You know how you experience something completely in the moment, and you say to yourself, "this is just magic, and I'll never forget it as long as I live." Well, I experienced some of those magic moments during my two weeks in Romania, and I'd like to describe them here. And then I swear I'll stop talking about it.
1) There was a group of Italian volunteers living in the house with us, older gentlemen who were there to install bathrooms in one of the houses. They would work hard all day and then usually disappear for dinner, but on their last night there, they stayed in and cooked their own meal. We all shared a kitchen, but we didn't do our own cooking—we ate from the communal pot, so to speak. So, when we smelled the wonderful aromas of pasta with fresh herbs and salami, we were jealous but stayed out of their way. When they were finished eating, they sat around the table with Nicoletta, a Romanian teacher who was living with us, too, and who worked at the orphanage. She was playing the guitar and singing for the men, and that's when some of us walked in, and it was magic. Because I was the older person among the volunteers, and some of the residents referred to me at Madame, I was given a seat, and we all sat and listened to Nicoletta's sweet and clear voice. She sang mostly Romanian songs, and a few times, one of the high school boys joined in. And then she said, "Here's one for Scout," because she was about to sing a song in English, one of Ricky Valens' classics. I was sorry when the evening ended and we all went to bed.
2) One day, I was Up Top near the kitchen with Maggie, and we saw Ciprian handing a bouquet of wild flowers to a woman and taking her photo with his cell phone. It was simple enough and not much of a mystery, but then we saw him knocking on a door and presenting the same bouquet of flowers, and then another door and another. Here's what we learned: when someone feels they have offended someone, they give the flowers to Ciprian, and he delivers the flowers to the offended party with a simple message that someone, nameless, has offended them. Will they accept the flowers and an apology and give them forgiveness in return? The person will generally say yes but then give the flowers back because they, too, have offended someone. Ciprian will take a photo to document the acceptance but will then take the flowers to the next offended person, receive their forgiveness and go to the person the next person feels deserves an apology. It's a beautiful tradition, one I learned is not traditional Romanian but base on a TV show. Still, it's beautiful.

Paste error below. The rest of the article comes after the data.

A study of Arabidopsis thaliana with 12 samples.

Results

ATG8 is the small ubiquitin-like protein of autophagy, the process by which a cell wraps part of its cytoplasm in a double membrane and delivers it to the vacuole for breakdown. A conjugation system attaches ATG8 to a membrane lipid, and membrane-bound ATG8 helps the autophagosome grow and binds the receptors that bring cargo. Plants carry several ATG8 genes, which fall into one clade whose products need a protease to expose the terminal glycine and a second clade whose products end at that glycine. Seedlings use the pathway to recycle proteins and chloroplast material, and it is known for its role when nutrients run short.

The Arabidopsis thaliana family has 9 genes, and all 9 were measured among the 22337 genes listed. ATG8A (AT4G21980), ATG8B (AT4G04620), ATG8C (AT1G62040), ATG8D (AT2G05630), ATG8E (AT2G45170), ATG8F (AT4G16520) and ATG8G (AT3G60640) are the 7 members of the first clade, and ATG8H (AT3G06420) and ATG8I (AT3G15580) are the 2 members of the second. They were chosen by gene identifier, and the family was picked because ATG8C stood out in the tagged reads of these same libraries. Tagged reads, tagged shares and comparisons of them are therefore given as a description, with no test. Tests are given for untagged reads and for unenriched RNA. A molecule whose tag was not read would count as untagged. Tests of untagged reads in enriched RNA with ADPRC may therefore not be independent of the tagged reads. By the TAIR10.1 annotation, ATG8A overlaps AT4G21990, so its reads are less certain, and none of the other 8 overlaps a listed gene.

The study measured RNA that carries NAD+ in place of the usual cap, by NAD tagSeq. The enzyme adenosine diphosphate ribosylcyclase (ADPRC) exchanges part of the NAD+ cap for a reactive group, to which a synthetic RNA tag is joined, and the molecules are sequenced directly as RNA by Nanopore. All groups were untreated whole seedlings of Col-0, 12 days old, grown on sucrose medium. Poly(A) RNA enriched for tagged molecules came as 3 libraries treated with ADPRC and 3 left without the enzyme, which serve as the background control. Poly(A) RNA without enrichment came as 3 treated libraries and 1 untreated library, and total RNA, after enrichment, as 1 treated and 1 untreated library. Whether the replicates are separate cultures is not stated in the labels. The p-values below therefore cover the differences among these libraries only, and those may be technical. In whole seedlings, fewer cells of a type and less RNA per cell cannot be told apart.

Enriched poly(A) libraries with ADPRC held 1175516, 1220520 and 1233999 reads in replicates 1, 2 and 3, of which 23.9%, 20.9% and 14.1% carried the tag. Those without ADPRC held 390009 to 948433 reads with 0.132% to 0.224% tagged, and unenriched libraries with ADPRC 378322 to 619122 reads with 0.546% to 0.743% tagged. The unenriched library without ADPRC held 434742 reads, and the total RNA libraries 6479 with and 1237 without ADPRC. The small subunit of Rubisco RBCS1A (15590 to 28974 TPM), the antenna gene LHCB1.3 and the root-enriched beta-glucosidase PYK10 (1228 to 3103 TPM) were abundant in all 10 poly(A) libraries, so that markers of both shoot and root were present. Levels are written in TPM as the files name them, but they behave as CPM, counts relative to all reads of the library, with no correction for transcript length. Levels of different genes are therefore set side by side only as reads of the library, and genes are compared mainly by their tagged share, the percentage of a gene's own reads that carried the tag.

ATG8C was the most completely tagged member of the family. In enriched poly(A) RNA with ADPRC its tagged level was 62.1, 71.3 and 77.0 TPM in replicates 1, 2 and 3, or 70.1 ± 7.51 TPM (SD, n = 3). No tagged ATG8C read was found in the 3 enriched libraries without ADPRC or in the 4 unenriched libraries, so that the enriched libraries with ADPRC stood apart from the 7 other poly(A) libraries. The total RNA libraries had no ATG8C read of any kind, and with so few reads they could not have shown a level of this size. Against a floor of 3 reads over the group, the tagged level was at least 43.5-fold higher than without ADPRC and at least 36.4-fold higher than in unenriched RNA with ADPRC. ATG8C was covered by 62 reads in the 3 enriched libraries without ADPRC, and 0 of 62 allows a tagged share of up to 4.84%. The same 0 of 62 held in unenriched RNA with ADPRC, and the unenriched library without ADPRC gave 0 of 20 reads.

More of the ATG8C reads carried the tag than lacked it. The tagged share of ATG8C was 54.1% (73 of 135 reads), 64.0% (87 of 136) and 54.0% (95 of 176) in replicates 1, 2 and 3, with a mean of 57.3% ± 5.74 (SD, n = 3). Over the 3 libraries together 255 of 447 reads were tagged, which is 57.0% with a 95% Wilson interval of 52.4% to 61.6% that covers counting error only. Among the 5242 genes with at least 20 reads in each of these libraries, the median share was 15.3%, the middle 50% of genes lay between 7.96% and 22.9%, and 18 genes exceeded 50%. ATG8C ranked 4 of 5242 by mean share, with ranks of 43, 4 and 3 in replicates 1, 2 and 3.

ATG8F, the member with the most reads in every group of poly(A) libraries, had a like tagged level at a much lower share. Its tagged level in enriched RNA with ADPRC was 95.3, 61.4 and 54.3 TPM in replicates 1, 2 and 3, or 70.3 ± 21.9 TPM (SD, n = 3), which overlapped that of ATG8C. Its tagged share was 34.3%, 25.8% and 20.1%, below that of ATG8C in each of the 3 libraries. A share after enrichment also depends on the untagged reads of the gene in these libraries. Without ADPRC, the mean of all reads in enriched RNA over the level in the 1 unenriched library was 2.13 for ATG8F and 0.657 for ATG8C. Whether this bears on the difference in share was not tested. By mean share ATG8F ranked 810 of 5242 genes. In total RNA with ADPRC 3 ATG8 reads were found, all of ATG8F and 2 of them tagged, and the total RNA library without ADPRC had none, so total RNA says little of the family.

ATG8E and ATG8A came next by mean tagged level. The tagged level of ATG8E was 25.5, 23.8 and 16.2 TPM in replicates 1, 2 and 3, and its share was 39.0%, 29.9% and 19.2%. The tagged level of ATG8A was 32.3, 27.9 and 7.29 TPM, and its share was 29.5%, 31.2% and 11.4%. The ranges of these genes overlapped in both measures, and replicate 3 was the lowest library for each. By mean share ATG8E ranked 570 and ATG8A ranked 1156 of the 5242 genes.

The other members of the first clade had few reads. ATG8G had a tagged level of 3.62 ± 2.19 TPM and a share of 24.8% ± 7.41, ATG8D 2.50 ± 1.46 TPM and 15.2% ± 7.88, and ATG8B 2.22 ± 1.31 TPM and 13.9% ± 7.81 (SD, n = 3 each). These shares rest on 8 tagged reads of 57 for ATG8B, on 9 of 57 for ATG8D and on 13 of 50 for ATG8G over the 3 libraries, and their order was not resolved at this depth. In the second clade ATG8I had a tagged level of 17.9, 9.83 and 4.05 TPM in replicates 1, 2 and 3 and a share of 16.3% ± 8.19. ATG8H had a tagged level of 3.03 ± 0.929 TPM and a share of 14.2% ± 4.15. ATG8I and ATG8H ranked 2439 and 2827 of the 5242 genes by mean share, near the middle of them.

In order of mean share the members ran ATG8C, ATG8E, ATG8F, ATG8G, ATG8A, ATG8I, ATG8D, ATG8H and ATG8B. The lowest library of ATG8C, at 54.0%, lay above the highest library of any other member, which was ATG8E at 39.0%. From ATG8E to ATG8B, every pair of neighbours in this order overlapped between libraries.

3) It was getting late one evening, and the dining room was shockingly noisy with the bellowing of boys and giggling of girls, so Eustacia, Maggie and I went into the kitchen to see what we could see. What we saw were a few Romanians sitting at the table and playing a game along the lines of Scattergories. They had written categories on sheets of paper—animals, bodies of water, people names...—and they had devised a way to choose a starting letter. They scooted over and let us play in English, while Maggie alternated between English, Armenian and Russian because she's smart that way. We played round after round, sometimes canceling each other out because the Romanian word for duck might start with a D, for example. It was very fun, and I think a little magical.
4) When you live in a commune with over 100 people, finding quiet space can be difficult, but Nicoletta found some, and I slipped in and stood by to observe as quietly as I could. I found her with a few residents, children and adults, and they were sitting near the wood pile and singing songs. It was peaceful where they were, and the setting was perfect for Nicoletta's sweet voice. They all scooted over and gave me a seat on a log, and it was a bit of magic.